Sneaker culture is characterized by hobbyists who collect, trade, or prize specialty sneakers.
As the industry grows, “sneakerheads” hunt more exclusive and rare sneakers. Thus, the exclusiveness of the shoe often determines the market price of the product. This simple rule of supply-and-demand is the dual-edged sword of sneaker culture: the culture values exclusive shoes, but the hunt for rare sneakers often promotes absurd price tags for popular sneakers. Sneaker culture is an example of conspicuous consumption: the purchase of items for the purpose of showing status and wealth rather than for their function.
People can take this trend too far, as I personally learned on the second week of September when I stayed up until midnight in order to purchase Drake’s Air Jordan X Retro OVO shoes for their suggested retail price of $225. From early May, I was totally obsessed with the shoes, which were undoubtedly among the most sought-after sneakers of the year. One of the most attractive features of the shoes was the exclusiveness, as less than 9,000 units were produced.
When midnight struck, however, the Nike website crashed. The shoes immediately sold out before I could even click the checkout button, and the shoes are now sold in eBay for more than $1,300.
The underlying rationale of exclusive sneakers and their price tags is brutally straightforward. Only a small fraction of the current price is the actual value of the shoes. Thus, when people purchase the shoe at the current market price they are mainly paying for the exclusiveness and the status of the sneakers. Since I personally prefer to exclude the “hype value,” or the extra cost of exclusiveness, I desperately attempted to purchase the OVOs for their retail rate. Indeed, I was naturally attracted to the OVOs mainly because not everyone could buy them after the initial release.
Ben Koss, a Fayetteville-Manlius High School junior who has spent more than $2,000 on sneakers, told JSR that sneaker culture is “defined by rarity, which drives the price. The Air Foamposite One Paranorman is [in my opinion] one of the ugliest shoes in the market. But you can’t even get one for $3,000 because Nike only made 800 of them. The Nike Dunk High FLOM was sold for $10,000 because Nike made exactly 24 units in 2005.”
Koss continued, “Adidas’ Yeezy Boost 750, 350, and the upcoming 950 all sell for three or four times their retail prices because of the rarity. If Adidas kept making the Yeezy lineup, do you really think the shoes would resell for the insane price?”
Sneaker culture is an excellent depiction of conspicuous consumption, a term coined in 1899 by economist and sociologist Thorstein Veblen that describes many luxury industries. Consumers justify the absurd price tags on the rarest sneakers with a rather straightforward rationale: they are willing to pay for exclusivity.
I don’t need the OVOs. In fact, I already own more than ten pairs of sneakers. Yet I have craved the OVOs because they are a symbol of status and wealth. When I tried to buy them online, I knew they were extremely limited and would be worth a fortune after the stock sold out. If not for the allure of imagining my peers admiring the OVOs on my feet, I wouldn’t have attempted to buy the shoes for half the retail price.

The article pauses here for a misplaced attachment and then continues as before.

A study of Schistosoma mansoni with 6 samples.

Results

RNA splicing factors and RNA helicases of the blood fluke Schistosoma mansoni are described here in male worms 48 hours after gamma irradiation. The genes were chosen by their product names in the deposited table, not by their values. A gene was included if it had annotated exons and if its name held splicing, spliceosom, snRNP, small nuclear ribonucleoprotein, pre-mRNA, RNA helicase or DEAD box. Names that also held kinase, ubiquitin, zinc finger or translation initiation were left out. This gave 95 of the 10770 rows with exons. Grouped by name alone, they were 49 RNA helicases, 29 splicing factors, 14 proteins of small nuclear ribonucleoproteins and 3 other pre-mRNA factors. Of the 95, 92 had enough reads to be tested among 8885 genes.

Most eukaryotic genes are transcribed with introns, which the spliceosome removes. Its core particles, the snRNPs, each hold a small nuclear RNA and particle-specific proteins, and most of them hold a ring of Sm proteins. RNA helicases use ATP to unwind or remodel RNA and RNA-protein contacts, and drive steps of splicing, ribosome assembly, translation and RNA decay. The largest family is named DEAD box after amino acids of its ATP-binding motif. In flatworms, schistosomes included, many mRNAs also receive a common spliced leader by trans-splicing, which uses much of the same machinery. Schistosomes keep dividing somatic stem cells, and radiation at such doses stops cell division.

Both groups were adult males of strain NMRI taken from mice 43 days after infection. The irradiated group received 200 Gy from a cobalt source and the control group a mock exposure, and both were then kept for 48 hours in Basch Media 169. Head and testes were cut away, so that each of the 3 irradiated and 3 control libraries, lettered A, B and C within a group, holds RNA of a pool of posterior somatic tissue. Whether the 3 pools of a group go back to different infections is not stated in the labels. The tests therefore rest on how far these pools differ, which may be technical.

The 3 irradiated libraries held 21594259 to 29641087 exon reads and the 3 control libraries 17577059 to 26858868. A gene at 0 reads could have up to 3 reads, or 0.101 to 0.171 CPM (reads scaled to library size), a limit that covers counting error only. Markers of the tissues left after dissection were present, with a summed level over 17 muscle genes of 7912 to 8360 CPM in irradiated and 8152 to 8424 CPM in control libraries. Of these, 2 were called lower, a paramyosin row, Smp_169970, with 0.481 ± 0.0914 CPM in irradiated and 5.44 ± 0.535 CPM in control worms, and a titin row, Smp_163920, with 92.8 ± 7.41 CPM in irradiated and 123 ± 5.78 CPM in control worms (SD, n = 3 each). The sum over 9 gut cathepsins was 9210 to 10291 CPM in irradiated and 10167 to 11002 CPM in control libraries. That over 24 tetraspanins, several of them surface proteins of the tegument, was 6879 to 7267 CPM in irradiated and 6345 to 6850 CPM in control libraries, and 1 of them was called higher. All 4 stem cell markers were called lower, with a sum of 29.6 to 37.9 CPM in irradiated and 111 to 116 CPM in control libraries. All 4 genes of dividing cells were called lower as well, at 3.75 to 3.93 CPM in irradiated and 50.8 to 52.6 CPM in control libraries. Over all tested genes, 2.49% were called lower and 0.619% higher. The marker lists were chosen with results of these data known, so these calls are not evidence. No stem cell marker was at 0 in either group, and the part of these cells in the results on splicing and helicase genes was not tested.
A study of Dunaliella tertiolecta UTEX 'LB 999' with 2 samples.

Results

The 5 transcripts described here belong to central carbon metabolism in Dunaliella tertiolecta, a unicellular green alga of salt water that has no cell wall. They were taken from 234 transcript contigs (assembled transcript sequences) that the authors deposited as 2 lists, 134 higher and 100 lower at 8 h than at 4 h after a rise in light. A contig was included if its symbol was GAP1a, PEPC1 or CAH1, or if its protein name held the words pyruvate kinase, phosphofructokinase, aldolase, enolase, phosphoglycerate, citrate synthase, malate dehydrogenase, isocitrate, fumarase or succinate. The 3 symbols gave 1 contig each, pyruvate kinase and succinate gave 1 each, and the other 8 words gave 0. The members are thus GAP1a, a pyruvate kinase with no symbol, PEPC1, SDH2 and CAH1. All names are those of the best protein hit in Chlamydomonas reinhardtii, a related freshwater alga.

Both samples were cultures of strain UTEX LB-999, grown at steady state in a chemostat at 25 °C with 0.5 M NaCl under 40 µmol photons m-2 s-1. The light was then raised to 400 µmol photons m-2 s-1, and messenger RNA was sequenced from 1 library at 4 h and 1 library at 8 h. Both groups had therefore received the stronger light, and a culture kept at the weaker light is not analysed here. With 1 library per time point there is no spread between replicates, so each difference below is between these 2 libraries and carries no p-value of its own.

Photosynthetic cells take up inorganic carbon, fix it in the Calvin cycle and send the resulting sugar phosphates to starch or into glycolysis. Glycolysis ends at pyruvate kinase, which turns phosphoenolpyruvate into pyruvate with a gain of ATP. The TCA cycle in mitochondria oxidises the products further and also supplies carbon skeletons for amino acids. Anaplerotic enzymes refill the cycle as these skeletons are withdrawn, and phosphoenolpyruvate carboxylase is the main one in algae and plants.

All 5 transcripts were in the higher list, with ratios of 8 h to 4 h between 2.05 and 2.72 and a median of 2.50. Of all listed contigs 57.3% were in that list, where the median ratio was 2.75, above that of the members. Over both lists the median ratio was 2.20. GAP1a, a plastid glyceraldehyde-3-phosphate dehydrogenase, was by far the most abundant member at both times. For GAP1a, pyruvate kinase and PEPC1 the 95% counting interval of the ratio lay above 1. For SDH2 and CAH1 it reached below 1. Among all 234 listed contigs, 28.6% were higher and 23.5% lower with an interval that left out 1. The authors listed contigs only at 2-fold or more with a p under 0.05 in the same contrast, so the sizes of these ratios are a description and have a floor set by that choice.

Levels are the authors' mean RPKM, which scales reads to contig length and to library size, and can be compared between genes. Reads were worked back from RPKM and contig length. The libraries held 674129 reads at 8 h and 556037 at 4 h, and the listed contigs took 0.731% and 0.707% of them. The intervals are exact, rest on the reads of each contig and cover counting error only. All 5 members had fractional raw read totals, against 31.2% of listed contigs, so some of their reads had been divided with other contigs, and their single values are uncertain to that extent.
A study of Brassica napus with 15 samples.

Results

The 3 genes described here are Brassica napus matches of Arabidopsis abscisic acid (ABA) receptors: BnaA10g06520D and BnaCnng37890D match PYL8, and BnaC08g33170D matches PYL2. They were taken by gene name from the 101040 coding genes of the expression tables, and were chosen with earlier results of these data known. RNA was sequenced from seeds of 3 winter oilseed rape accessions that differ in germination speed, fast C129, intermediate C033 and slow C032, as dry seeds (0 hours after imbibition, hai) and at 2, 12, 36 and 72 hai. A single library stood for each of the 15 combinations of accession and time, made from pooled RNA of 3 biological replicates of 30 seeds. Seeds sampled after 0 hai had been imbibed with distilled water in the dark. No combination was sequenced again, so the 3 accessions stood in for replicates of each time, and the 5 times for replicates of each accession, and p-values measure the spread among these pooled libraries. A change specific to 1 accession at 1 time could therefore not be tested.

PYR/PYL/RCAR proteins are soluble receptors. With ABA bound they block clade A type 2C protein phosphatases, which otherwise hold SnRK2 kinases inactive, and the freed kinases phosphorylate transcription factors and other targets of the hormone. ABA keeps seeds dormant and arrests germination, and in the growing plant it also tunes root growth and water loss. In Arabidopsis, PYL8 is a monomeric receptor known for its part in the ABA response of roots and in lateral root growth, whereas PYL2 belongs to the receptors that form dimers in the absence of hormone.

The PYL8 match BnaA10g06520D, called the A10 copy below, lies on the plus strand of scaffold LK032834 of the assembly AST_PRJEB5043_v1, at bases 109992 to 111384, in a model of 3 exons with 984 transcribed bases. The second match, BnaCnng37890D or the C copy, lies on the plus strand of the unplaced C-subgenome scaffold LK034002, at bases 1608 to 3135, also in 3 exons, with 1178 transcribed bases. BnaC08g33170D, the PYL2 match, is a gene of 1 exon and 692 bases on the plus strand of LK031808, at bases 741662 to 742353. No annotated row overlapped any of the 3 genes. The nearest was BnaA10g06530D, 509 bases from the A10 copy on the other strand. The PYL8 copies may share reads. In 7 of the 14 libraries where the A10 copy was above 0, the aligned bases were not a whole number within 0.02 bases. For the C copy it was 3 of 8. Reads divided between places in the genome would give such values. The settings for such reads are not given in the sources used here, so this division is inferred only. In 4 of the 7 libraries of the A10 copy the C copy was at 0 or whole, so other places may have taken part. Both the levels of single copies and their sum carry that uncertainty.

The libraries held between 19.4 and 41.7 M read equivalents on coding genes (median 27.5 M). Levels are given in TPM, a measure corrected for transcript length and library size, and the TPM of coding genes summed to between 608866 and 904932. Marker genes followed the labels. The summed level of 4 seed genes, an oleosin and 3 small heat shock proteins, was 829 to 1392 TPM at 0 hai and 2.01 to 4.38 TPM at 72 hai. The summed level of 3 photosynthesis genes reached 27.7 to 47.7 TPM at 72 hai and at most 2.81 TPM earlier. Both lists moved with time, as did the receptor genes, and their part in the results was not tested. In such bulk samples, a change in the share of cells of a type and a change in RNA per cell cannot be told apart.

After more consideration, I’ve begun to wonder about the value of conspicuous consumption. Perhaps status symbols aren’t the best ways to spend our resources.
A fair analogy can be found between Donald Trump and Warren Buffett. Trump clearly prefers expensive price tags, and according to New York Daily News he lives in a three-level, 24-carat gold and diamond accented penthouse modeled on the French royalty’s Palace of Versailles. He owns more than twelve fabulous, highly exclusive homes, and has properties in Florida, Virginia, and California.
On the other hand, according to Time, Buffett resides in an Omaha home he bought in 1958 for $31,500. According to his neighbors, he favors frugality, has a distaste for luxurious technology and cars, and frequently enjoys generic McDonald’s hamburgers and cherry Coke. Yet Buffett is far richer than Trump, and has pledged to donate 83% of his fortune to help the Bill & Melinda Gates Foundation reduce poverty while enhancing education and healthcare globally.
Will Trump, who clearly enjoys bigger price tags, be remembered for his great status and wealth? History suggests that Buffett, like forebears including John D. Rockefeller, will be revered for longer.
Rockefeller was one of the most well-known business magnates of the early 20th century. He donated much of his life earnings to great causes, and the New York Times says that Rockefeller gifted a total of more than $500 million – somewhere around $170 billion in today’s dollars – to earn his title as “the father of modern philanthropy.” He was also known for his frugality; instead of spending his immense fortune on personal symbols of wealth and status, he earned generations-worth of respect and left a colossal legacy. Though many of Rockefeller’s business practices were controversial in his time, his legacy as a philanthropist is primarily what endures in our popular culture.
Next time we indulge in conspicuous consumption, we must ask ourselves: are these symbols of status and wealth worth their great expense, or are we merely wasting money for temporary self-satisfaction?